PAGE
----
Ricks v State

1935 OK CR 96
49 P.2d 810
57 Okl.Cr. 370
Decided: 07/19/1935
Oklahoma Court of Criminal Appeals


1. Receiving Stolen Goods Conviction Sustained. The evidence is sufficient to sustain the conviction.

2. Same Punishment Held Excessive and Modified. For reasons for modifying the judgment, see body of the opinion.

Appeal from District Court, Grady County; Will Linn, Judge.

B. Ricks was convicted of receiving stolen property, and he appeals. Modified and, as modified, affirmed.

Page 371

Hatcher & Bond and J.W. Osmond, for plaintiff in error.

Mac Q. Williamson, Atty. Gen., and Smith C. Matson, Asst. Atty. Gen., for the State.

DAVENPORT, P.J. The plaintiff in error, hereinafter referred to as the defendant, was convicted of receiving stolen property of the alleged value of $3.50, and his punishment fixed at a fine of $200.

The evidence in this case shows that F.B. Johnson, a farmer, on January 27, 1934, drove a team of mules to Chickasha, and stopped them on one of the public streets of the said town; when he returned to his team to go home in the evening, he found his check lines had been taken from his team by some one, and immediately reported it to the chief of police; the chief of police, on learning the check lines had been stolen, went to the place of business of the defendant, which is a second-hand store, and also a restaurant in the adjoining room; just why the chief of police suspected Bill Johnson, who stole the check lines, is not brought out in the record; Bill Johnson had sold the check lines to the defendant. The chief of police testified he went to the defendant's second-hand store and asked him where the check lines were that Bill Johnson had sold him; the defendant told the chief where the check lines could be found, and the lines were found in the restaurant side of defendant's place of business behind a counter in a box.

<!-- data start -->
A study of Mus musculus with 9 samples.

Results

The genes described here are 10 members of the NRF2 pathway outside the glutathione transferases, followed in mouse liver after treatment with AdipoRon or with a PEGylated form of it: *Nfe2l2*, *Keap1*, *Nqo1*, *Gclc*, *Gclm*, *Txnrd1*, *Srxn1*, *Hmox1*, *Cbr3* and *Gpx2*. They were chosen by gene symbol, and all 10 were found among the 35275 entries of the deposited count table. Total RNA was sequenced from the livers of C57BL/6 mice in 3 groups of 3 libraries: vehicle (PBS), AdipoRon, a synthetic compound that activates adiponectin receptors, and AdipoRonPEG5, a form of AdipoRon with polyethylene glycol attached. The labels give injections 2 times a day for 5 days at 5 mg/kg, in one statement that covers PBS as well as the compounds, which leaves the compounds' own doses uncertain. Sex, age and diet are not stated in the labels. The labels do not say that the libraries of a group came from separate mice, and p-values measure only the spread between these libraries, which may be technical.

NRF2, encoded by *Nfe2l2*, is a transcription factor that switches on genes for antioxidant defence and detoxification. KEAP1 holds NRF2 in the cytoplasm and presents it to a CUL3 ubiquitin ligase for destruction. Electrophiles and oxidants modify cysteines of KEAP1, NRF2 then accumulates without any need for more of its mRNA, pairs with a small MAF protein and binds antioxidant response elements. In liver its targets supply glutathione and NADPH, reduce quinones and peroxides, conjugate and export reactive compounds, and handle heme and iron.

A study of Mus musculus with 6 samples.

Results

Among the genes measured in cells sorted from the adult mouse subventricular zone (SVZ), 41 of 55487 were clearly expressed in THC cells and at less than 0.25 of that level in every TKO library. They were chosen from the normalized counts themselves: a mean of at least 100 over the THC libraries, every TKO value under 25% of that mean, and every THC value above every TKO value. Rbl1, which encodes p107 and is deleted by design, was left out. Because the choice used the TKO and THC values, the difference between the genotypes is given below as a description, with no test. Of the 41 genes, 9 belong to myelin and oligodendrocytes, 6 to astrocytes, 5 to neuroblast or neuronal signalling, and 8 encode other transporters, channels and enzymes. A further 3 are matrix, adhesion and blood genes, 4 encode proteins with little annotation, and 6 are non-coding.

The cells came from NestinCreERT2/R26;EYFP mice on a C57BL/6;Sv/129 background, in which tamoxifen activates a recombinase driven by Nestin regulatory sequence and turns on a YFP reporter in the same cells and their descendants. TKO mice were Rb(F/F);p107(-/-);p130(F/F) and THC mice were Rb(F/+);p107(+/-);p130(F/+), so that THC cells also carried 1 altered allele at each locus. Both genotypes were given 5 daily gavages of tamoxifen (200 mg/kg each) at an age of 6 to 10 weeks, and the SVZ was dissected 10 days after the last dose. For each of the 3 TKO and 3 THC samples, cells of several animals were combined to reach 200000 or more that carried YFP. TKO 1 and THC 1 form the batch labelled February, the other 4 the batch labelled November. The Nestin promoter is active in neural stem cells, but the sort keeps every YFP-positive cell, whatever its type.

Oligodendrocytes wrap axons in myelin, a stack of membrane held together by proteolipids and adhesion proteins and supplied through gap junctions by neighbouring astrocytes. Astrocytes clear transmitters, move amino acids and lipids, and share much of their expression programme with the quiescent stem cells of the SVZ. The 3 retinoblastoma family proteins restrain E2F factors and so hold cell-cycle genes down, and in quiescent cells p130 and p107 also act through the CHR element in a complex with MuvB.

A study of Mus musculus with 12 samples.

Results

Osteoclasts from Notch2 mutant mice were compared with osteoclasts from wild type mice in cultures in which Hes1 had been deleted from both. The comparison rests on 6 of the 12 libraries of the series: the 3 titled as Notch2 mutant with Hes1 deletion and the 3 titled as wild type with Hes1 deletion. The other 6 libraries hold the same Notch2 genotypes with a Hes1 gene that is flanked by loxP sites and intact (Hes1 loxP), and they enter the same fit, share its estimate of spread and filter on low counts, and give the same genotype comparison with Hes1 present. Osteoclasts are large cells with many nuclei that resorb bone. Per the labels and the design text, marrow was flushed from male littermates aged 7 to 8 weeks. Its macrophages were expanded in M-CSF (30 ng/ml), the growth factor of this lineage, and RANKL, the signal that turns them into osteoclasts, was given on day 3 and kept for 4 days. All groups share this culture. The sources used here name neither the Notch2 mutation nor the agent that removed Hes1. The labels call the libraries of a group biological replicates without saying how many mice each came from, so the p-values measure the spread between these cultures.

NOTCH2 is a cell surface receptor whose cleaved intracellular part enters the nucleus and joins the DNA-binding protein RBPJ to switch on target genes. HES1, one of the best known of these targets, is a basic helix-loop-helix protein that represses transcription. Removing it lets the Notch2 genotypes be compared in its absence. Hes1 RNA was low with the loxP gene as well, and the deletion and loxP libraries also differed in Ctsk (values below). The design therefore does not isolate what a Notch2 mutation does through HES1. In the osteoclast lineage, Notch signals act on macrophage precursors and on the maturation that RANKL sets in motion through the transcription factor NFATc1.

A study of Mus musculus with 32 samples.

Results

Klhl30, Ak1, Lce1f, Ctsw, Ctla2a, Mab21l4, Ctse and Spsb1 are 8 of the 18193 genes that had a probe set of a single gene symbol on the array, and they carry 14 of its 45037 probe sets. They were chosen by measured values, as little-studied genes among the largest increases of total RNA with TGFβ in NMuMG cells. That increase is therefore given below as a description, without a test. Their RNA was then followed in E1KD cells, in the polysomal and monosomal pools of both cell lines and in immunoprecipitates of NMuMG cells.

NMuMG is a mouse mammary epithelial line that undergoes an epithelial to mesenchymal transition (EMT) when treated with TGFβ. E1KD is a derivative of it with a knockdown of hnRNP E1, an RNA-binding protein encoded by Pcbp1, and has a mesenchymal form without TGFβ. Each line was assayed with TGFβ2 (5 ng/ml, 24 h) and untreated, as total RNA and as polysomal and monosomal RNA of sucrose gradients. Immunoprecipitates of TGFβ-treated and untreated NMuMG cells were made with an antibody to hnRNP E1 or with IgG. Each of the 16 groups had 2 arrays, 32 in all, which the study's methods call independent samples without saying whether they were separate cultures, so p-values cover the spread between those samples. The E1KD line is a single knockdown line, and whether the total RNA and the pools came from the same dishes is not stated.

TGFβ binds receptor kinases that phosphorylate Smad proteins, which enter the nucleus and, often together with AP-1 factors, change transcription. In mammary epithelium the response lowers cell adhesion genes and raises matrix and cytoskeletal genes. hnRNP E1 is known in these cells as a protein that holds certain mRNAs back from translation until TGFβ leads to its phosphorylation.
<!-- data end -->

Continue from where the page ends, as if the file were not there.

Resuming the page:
The defendant did not testify, but called two witnesses who stated that when Bill Johnson wanted to sell the defendant the check lines, he asked him if they were hot, and Bill Johnson told the defendant they were not stolen. There was some evidence introduced to show that Bill Johnson had heretofore been convicted of burglary, and


The evidence in the case is sufficient to sustain the conviction. Every act of the defendant in connection with the buying of the check lines and secreting them in the restaurant of his place of business shows that defendant had knowledge of the fact that the check lines had been stolen by Bill Johnson. The defendant had known Bill Johnson for many years.